University of Calgary

Professor Brown on What’s Wrong With This House?

Submitted by jwalla on Mon, 2012/04/09 - 7:52am.

Too many people are living in badly designed houses. Too many houses have rooms that don t get used, kitchens that are hard to work in, living rooms that are difficult to furnish, and front entry spaces with no closets. There are supersized houses and those that, in spite of their actual size, feel too small and cramped.

In his bestselling book, What’s Wrong With This House? Brown offers a practical guide to avoiding these problems. Based on the Slow Home design philosophy, the book offers practical, down-to-earth design advice that focuses on the substance of the way a house works rather than on its superficial appearance.

The slow home movement began in 2006 when John Brown, Matthew North, and Carina van Olm wanted to create a critical response to the poor design practices that pervade the mass housing industry. The intent was to advocate for a more thoughtful approach to residential design that improves the quality of our daily lives and reduces our impact on the environment.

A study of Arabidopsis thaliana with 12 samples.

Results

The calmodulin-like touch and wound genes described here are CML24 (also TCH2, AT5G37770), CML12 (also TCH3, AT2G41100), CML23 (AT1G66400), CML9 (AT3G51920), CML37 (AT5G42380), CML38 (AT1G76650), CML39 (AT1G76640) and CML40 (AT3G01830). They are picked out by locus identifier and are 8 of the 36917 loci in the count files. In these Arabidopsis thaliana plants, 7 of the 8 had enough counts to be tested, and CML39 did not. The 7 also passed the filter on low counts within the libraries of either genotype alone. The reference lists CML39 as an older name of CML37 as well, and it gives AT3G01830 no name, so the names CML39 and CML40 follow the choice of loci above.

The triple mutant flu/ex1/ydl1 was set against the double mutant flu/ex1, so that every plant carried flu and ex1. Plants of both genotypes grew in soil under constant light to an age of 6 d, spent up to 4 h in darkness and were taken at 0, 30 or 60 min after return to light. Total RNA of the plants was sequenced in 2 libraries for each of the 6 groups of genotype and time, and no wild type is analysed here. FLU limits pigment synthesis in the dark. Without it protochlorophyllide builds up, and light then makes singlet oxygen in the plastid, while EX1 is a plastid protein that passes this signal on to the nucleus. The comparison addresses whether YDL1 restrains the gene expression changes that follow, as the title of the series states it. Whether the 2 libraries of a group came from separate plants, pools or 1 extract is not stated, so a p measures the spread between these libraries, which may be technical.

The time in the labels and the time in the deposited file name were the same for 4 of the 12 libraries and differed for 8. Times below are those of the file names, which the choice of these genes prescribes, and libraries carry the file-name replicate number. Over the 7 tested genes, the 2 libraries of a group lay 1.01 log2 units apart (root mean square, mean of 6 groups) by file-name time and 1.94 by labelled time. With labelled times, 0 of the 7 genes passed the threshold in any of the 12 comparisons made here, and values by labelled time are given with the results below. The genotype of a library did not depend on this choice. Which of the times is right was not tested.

In What’s Wrong With This House? John Brown and Matthew North use example projects from their many years of architectural practice to show you how to evaluate the design quality of your home and make it simple to live in and light on the environment.

A slow home is carefully designed to support its occupants. It might have an entry where family members can easily take off their boots, stash their keys and store their backpacks. It might have a living space that encourages people to talk or read, not just watch television or surf the Internet. It’s energy efficient, filled with natural light and designed for easy flow among rooms and access to the outside.

It’s about slowing down to design a space that is functional, long-lasting, meets the needs of the family now and later, and is, of course, stylish and comfortable.

Brown is the Associate Dean of Research + International in EVDS, professor of Architecture, registered architect and a licensed real estate broker. In 2009 he received a Leadership Award from Residential Architect in recognition of his work to increase public awareness about the value of design.

Click here for more details about Brown's book and to learn more about the Slow Home Movement.